It was revealed this week that some Oklahoma state agency heads are receiving astronomical raises while regular state worker salaries continue to remain stagnant.
Here are some of the numbers: Oklahoma Tourism Executive Director Deby Snodgrass recently received a $40,000 pay increase; Oklahoma Bureau of Investigation Director Stan Florence recently received a $47,000 pay increase; Department of Mental Health and Substance Abuse Director Terri White recently received a $40,000 pay increase.
No matter how you qualify it, those are substantial raises, especially in a state like Oklahoma.
According to media reports, the raises were based on information presented to state leaders by a consulting firm, the Hay Group, which found the salaries for at least some top state positions to be low.
Regular state workers, whose salaries are also under review, haven’t received an across-the-board raise for several years. The raises for those at the top are a real slap in the face for them, and for other rank and file employees, such as teachers and state troopers.
It would be nice to get a $40,000 a year raise, wouldn’t it? Do you think that is going to happen for dedicated teachers, social workers and first responders?
It remains to be seen if leaders in the GOP-dominated state government will consider raises for all state workers once the salary issue has been studied, but if it doesn’t happen or if the raises are minimal, it should come as no surprise.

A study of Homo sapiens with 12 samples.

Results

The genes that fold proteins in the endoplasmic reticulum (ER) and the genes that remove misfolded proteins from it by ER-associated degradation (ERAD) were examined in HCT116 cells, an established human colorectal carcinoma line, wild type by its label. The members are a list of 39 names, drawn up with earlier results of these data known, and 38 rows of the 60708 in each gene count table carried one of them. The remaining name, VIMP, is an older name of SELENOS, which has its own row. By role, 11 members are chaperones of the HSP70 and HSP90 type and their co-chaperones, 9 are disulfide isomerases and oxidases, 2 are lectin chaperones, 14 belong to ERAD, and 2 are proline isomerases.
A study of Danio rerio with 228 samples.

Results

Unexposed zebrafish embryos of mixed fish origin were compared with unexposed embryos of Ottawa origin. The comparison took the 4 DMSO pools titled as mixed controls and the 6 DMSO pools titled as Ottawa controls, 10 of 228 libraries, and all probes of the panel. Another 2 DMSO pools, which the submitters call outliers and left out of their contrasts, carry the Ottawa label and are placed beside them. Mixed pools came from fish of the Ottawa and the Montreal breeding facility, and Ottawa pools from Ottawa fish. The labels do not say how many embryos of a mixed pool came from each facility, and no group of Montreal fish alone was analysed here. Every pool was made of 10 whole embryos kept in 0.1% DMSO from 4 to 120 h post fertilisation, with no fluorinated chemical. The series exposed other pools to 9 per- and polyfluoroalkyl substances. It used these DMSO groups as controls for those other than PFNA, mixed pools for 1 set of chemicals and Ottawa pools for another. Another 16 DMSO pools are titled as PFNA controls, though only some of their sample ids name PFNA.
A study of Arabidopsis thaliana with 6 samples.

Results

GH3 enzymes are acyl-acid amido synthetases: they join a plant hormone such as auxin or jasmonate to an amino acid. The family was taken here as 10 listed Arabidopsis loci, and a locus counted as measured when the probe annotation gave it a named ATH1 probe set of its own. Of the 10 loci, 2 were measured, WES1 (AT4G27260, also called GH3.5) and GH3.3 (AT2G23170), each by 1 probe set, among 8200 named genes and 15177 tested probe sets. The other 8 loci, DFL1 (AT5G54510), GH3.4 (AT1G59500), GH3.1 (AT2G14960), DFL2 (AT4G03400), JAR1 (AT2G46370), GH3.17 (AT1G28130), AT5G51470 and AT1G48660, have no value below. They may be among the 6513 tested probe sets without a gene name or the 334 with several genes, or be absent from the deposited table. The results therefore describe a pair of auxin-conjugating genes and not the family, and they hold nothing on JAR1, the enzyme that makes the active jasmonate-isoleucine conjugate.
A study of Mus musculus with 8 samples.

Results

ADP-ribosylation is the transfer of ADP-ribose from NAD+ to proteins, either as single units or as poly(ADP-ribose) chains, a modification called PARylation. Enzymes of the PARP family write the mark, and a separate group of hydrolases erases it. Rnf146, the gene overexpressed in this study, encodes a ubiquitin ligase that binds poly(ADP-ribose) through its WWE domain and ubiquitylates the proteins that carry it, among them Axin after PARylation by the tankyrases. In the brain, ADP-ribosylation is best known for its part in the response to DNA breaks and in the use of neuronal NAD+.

The Oklahoman editorial page, of course, supported the raises and argued the backlash was simply unavoidable, but the sheer size of the raises are a real issue in a state where education funding has been shrinking and state workers have gone without raises for years. It’s a matter of priorities, not perception. I’m sure the state could find someone to do Snodgrass’ job just as competently at her pre-raise salary of $86,000.
Better yet, here’s an idea: Why don’t we just make $86,000 the starting salary for new teachers and social workers?
I’m not begrudging anyone a raise, but the vast majority of state workers have a right to be terribly frustrated with this latest news.